Skills for Care

Skills for Care response to Health and Social Care Select Committee’s report on Workforce: recruitment, training, and retention in Health and Social Care

25 Jul 2022

Skills for Care CEO Oonagh Smyth said:

This report which we gave oral and written evidence to lays bare the ongoing recruitment and retention challenges facing adult social care. Our written evidence to the Committee highlighted our annual estimate for vacancies for 2020/21, which utilising our latest analysis techniques now stands at 110,000 vacant posts on average across the sector. However, as figures in our new report revealed last week, the picture has deteriorated further still as between 2020/21 and 2021/22 the number of vacant posts actually increased by 55,000 – or 52% - 165,000. Furthermore, for the first time on record, our data found that filled posts (roles with a person working in them) in social care are down, by 50,000.

We agree pay, career development, terms and conditions and the sense of feeling valued as skilled professionals are key to tackling the recruitment and retention challenges faced by the sector.

There’s been a number of publications recently highlighting the challenges still faced by black, Asian and minority ethnic care workers, including the Messenger review and the Equality and Human Rights Commission. We are pleased that the Committee has recommended that the Government must fund Skills for Care to pilot the Social Care Workplace Racial Equality Standard in the independent sector within 12 months, and we look forward to working with partners to take this forward.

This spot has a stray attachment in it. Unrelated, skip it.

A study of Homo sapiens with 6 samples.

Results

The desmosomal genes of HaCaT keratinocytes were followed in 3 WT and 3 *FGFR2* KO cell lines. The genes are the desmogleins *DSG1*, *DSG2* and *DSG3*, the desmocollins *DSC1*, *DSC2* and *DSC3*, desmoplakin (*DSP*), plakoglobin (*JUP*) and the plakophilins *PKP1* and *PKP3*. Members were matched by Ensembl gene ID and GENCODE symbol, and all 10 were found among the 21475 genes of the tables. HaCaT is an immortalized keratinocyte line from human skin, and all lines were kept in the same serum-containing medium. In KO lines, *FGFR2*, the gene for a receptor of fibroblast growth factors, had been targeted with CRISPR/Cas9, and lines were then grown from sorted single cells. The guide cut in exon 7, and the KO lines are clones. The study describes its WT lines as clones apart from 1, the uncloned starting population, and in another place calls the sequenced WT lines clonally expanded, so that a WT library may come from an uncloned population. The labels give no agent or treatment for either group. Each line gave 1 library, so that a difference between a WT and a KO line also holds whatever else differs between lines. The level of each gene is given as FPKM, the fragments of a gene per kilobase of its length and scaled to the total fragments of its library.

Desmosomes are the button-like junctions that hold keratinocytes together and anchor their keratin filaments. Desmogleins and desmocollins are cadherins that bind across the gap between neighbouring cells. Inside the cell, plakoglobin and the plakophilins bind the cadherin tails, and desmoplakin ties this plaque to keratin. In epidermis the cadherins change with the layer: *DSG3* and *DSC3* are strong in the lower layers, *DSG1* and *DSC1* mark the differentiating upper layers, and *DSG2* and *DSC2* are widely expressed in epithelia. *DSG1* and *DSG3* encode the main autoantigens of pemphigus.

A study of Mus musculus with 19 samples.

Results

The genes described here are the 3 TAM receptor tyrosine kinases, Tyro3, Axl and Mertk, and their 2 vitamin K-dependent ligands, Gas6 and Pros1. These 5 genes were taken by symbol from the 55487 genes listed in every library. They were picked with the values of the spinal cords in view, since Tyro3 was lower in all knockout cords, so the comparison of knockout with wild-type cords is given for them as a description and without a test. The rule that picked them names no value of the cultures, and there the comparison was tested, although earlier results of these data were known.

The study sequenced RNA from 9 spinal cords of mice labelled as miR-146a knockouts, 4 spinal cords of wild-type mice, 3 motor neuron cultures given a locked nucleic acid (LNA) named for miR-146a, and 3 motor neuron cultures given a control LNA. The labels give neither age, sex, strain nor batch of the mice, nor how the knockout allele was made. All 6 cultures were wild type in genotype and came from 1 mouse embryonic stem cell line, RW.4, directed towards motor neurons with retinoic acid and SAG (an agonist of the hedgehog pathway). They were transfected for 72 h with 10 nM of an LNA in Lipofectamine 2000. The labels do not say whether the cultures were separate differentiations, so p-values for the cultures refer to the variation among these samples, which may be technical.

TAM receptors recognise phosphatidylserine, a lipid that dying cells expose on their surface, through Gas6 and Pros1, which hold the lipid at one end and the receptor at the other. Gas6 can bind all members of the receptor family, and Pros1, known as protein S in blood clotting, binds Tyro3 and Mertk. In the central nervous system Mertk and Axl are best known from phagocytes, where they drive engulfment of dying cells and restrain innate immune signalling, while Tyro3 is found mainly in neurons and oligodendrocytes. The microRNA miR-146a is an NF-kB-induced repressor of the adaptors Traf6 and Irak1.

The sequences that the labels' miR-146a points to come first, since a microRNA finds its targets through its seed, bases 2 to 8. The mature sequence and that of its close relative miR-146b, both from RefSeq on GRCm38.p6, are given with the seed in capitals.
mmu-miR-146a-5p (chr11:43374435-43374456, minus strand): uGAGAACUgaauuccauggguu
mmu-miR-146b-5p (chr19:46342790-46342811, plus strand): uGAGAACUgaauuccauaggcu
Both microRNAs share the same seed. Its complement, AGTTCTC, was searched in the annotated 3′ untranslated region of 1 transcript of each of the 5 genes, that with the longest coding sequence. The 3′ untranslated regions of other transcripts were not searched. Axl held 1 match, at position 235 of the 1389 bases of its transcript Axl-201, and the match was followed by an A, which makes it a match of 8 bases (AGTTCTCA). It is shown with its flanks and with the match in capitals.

We signed a joint statement with other sector leaders calling for action on pay in social care and welcome the Committee’s recommendation that NHS England must undertake a review of pay in their social care jobs. In this review NHS health and social care roles must be compared based on the skills, competencies, and levels of responsibility shown in various roles in each sector to ensure that social care roles are being paid fairly.

Despite the challenges outlined in the Committee’s report we know working in adult social care offers fulfilling and rewarding work for 1.5 million people, and we will continue to work with partners to promote the availability of different roles as an opportunity to create fulfilling, lifelong care careers. But as the report highlights the extent of the challenges we need to redouble our efforts to expand opportunities through a national workforce strategy as our sector grows to meet demand from people who draw on services.